The opposition Green party is laying out its plan for September's nationwide elections. Top issues include climate change and a pledge only to accept a coalition deal if an "I do" for same-sex marriage comes too.
During their pre-election party conference in Berlin on Saturday, Germany's Greens said they would only enter a coalition deal with another party if they secured the right for same-sex couples to wed.
"There will be no coalition agreement with us without marriage for all," their manifesto read.
Such a stance could prove problematic for a possible deal with Chancellor Angela Merkel's conservative bloc, which has been reluctant to extend the rights of same-sex couples in Germany. Since 2001 gay couples have been able to enter civil partnerships but are not allowed to adopt children.
Focus on climate protection
The other main stance set out by the Greens on Saturday was the pledge to move Germany completely away from coal energy by the year 2030 and to close the country's 20 "dirtiest" coal-fired power stations in the next legislative period.
The party gathered under the slogan "Climate First," a parody of US President Donald Trump's "America First" election mantra.
In an interview with DW, Greens co-leader Cem Özdemir rejected the notion that the Greens were losing relevance because many of their issues, such as the need to fight climate change, had been embraced by figures in the political mainstream - including Chancellor Angela Merkel.
In the Green party leader's opinion: "She's excellent when it comes to headlines because you have a crazy president in the US, but that's not enough," Özdemir alleged to DW. He said Germany's carbon emissions had not decreased in the past eight years. "It doesn't make a difference for the changing climate whether it's changing because you have a crazy president in the US or because you have a lazy chancellor in Germany," he claimed.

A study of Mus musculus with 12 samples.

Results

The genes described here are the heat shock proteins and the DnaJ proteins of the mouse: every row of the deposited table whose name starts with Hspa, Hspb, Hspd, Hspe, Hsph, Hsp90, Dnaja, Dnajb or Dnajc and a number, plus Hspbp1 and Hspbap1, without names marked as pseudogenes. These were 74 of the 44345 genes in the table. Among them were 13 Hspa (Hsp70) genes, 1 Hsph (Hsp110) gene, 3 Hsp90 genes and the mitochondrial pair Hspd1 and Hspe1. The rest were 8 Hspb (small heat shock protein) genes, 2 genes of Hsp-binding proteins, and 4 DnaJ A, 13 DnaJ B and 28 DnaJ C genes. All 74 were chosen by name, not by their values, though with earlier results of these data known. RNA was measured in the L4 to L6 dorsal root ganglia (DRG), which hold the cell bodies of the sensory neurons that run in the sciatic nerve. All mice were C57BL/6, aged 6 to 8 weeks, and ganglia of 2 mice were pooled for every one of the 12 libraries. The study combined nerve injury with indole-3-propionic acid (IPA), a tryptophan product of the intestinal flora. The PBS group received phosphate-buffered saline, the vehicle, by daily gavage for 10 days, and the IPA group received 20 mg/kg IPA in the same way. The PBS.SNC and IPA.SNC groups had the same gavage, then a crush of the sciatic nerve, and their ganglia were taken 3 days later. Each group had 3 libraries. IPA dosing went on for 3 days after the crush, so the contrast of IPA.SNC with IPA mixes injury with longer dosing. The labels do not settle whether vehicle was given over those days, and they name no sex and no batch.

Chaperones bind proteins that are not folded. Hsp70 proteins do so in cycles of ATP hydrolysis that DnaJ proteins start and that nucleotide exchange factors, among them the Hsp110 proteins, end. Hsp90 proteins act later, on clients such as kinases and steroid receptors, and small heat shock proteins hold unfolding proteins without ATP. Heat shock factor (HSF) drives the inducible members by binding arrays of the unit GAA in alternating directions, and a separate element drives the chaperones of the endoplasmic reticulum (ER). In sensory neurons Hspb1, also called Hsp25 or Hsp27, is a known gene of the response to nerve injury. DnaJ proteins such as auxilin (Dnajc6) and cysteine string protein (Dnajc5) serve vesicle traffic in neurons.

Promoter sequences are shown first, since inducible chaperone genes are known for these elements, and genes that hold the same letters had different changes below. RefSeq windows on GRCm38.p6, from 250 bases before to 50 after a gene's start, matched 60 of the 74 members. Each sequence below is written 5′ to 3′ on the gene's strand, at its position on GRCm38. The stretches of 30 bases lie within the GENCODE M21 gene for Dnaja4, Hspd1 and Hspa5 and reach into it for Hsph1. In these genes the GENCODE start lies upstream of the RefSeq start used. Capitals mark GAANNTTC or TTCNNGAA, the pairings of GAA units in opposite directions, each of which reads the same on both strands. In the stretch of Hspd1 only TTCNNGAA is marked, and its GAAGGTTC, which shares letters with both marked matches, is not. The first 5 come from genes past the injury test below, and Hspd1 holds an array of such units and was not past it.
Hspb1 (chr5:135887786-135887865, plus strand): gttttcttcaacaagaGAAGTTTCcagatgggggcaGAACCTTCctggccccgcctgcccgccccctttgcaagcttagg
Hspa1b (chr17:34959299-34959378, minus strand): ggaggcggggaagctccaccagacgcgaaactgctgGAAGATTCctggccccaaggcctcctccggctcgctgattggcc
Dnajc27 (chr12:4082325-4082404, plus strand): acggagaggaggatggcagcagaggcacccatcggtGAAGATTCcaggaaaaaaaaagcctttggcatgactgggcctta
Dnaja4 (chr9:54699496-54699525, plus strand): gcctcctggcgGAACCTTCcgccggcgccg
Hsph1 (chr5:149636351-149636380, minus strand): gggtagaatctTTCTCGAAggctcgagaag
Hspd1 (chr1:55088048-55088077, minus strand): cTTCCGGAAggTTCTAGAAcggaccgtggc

Kingmakers or kicked out?
The Greens face the predicament of having both dwindling levels of support and the chance of being a kingmaker in a coalition government.
Recent polls have shown their share of the vote coming dangerously close to slipping below the five percent needed to enter parliament.
However, if they clear that hurdle the Greens could go from being in opposition to being part of the government by teaming up with either the Social Democrats or Merkel's conservative Christian Democratic Union (CDU) and Bavaria's Christian Social Union (CSU.)
Read more: Why the German Green party is wilting
Özdemir told DW his party was polling about the same level as rivals the Free Democrats (FDP) the Left party and the Alternative for Germany (AfD) so it was a close race.
"We want to be the third largest party in this country and then hopefully join the next government and redefine what Germany stands for," he said.
The Greens are due to adopt their 2017 election manifesto on Sunday.